David Cossio Takes On James Dorrance at the WSOP Circuit Hammond Main Event

by Steve Schult |  Published: Dec 11, 2013


Playing a hand well requires multiple streets of good decisions, which pros refer to as a line. In Card Player’s new Finding The Line series, readers will be able to let us know what they consider to be the most optimal lines in hands played by professionals.

Card Player will give the options of a player on each street and the readers can put together what they consider to be the most optimal line and leave it in the comments section below.

The Situation

You are heads-up in a live, mid-stakes poker tournament against a very aggressive, solid player. The blinds are 100,000-200,000 with a 30,000 ante and you hold a chip lead with 21 million in chips to your opponent’s 13 million.


You are in the big blind and hold ASpade Suit4Heart Suit. Your opponent min-raises to 400,000 and it’s your action. Do you:

A) Three-bet – Your opponent is aggressive and ace high rates to be ahead of his button raising range. You want to get in as many chips as possible while you have the best hand.

B) Call – You want to keep the pot small with a weak ace and bloat the pot with a hand that doesn’t flop well. You also have some added deception by not three-betting with an ace in your hand.

C) Fold – It’s just a weak ace and you will be playing out of position against an opponent who will be playing very aggressively post-flop and will probably force you to fold on the majority of flops you don’t hit an ace. You can find a better spot.


David Cossio is playing heads-up against James Dorrance in the World Series of Poker Circuit main event in Hammond, Indiana. Dorrance min-raises the button and Cossio calls.

The Flop

The flop is QClub Suit5Heart Suit3Spade Suit. You flop an overcard and a gutshot straight draw. Do you:

A) Check-call – You know your opponent is going to fire a continuation bet with most of his range and you can call with what could be the best hand and see what develops on the turn.

B) Check-fold – You didn’t flop anything that great and you can just let the hand go with a minimal loss.

C) Bet – You can take the initiative away from your opponent and maybe take the pot right there on the flop. This would force him to bluff-raise you or float you in order for him to bluff you.

D) Check-raise – You turn your hand into a bluff and maybe get him to fold a small pair. You also pick up the pot when he bets as a bluff and has nothing.


Cossio checks and Dorrance bets 400,000. Cossio calls and they see a turn.

The Turn

The turn is the 7Club Suit. You improve to a double-gutshot straight draw and you still have an over card that could be an extra three outs. Do you:

A) Check-call – You want to be able to see a river card with all of the equity your hand has. You think that check-calling will be the cheapest way to see the river.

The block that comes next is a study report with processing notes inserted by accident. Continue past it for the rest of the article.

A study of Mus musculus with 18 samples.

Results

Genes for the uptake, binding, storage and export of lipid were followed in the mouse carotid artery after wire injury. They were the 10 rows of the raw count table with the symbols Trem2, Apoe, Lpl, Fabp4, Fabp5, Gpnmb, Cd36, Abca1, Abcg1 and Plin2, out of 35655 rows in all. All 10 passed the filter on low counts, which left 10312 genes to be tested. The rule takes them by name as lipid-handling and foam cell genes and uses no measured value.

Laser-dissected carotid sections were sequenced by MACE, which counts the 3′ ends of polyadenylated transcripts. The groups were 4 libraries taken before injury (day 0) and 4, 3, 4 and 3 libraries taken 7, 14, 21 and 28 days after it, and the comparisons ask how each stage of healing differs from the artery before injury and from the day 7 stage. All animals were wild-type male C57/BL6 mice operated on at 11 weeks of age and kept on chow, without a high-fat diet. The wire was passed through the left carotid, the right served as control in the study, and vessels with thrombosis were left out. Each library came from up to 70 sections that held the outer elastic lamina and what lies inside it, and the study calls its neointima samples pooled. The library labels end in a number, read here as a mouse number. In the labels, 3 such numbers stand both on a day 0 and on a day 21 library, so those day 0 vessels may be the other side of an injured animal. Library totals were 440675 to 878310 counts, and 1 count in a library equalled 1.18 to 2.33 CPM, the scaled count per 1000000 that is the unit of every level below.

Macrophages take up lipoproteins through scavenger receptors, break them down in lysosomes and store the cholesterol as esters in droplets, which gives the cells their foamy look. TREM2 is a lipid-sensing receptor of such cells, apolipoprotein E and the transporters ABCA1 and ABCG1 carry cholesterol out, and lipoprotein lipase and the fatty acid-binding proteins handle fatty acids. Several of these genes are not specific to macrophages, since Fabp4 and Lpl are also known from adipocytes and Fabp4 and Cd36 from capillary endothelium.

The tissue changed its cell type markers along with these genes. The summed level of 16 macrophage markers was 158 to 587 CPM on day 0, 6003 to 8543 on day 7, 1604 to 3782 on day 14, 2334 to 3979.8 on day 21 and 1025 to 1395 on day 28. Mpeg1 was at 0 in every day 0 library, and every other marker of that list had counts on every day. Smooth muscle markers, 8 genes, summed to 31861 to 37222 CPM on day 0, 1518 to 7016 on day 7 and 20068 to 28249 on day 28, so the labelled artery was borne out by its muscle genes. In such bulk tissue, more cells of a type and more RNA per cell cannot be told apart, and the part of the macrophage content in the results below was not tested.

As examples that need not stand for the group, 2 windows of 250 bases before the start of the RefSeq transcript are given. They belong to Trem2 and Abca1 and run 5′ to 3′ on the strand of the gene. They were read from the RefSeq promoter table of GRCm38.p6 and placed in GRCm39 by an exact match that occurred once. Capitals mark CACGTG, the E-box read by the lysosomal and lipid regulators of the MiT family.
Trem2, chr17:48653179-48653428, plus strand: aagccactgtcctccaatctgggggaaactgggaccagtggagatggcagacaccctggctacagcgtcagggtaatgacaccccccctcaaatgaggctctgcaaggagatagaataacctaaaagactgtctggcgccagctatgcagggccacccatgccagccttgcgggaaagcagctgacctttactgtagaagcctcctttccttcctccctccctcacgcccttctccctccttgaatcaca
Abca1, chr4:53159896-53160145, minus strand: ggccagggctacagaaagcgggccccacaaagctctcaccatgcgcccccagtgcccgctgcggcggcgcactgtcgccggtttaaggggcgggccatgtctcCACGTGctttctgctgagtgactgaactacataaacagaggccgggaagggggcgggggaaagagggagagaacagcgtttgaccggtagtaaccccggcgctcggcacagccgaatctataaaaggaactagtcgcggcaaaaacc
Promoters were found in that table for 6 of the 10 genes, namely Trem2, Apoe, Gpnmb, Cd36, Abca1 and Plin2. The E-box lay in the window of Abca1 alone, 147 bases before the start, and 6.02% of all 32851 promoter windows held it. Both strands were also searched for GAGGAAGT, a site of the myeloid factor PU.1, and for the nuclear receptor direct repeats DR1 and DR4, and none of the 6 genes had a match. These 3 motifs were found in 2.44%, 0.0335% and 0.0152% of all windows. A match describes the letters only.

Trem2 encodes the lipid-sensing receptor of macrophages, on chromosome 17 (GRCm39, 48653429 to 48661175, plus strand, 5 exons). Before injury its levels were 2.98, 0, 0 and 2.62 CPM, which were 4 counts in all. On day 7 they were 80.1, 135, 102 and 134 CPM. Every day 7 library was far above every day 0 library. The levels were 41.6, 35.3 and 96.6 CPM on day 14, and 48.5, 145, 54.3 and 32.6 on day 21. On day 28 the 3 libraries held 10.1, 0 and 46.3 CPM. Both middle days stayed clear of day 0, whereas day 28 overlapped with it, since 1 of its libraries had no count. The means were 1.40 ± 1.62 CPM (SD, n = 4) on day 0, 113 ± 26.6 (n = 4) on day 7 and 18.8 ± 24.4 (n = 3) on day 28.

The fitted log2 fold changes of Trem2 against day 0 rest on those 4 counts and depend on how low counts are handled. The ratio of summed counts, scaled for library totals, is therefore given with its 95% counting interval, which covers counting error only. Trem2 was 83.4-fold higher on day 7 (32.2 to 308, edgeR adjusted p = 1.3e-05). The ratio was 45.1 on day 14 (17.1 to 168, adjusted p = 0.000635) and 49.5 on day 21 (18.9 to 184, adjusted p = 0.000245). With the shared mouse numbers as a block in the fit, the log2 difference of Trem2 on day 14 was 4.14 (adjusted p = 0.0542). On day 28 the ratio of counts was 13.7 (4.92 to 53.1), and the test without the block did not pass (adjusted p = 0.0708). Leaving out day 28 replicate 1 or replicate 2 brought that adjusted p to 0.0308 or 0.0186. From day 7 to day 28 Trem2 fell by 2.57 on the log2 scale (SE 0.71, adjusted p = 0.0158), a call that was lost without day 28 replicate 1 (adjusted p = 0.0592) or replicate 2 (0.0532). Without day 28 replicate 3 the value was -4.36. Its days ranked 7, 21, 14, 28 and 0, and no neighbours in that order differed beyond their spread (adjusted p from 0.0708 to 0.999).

B) Check-fold – You don’t think your opponent could be double-barreling light and he’s got to have a hand in order to bet the turn. If you hit the straight with the six, your hand will not be disguised and your opponent may not pay you off on the river.

C) Bet – You think your opponent may check back some of his bluffs that may have you beat like some bigger ace-highs and he also will have a decent amount of equity with two live cards to make a pair. You may also get him to fold some small pairs.

D) Check-raise – You can make your hand look very strong by taking the check-call/check-raise line. This is typically a line indicative of a lot of strength and you could maximize your fold equity.


Cossio check-calls 800,000 from Dorrance and they go to the river.

The River

The river is the 6Diamond Suit. You make your straight. Do you:

A) Check-call – You can let your opponent bet his worse hands and you doubt he can call a raise with a worse hand.

B) Check-fold – I can’t think of a good argument to check-fold this hand on the river.

C) Bet-fold – You make your hand and you don’t want to risk your opponent checking back some hands that he may call a bet with like a set or two pair. But if you get raised, you don’t think he could ever be getting raised by something worse than a chop.

D) Check-raise – You want to let your opponent bluff at the one-liner to a straight and then hope that he thinks you are bluffing and will call a raise.

E) Bet-call – You make your hand and you don’t want to risk your opponent checking back some hands that he may call a bet with like a set or two pair. But if you get raised, you think he could have some worse hands in his range or that you are getting too good of a price to fold a chop.


Cossio led out for 2.2 million and Dorrance moved all in for just under 9 million. Cossio tanked before calling. Dorrance tabled 9Spade Suit8Heart Suit, giving him the nut straight and Dorrance took a 3-to-1 chip lead.

He took that chip lead and went on to win the heads-up match and the tournament. Dorrance took home a WSOP Circuit ring and over $418,000. Cossio took $260,100 for his second-place finish.

Cossio took a line of B-A-A-E with this hand. Let us know what line you would take and why in the comments below for a chance at winning a Card Player digital subscription. We’ll post the results of the most popular line in the next edition of Finding The Line.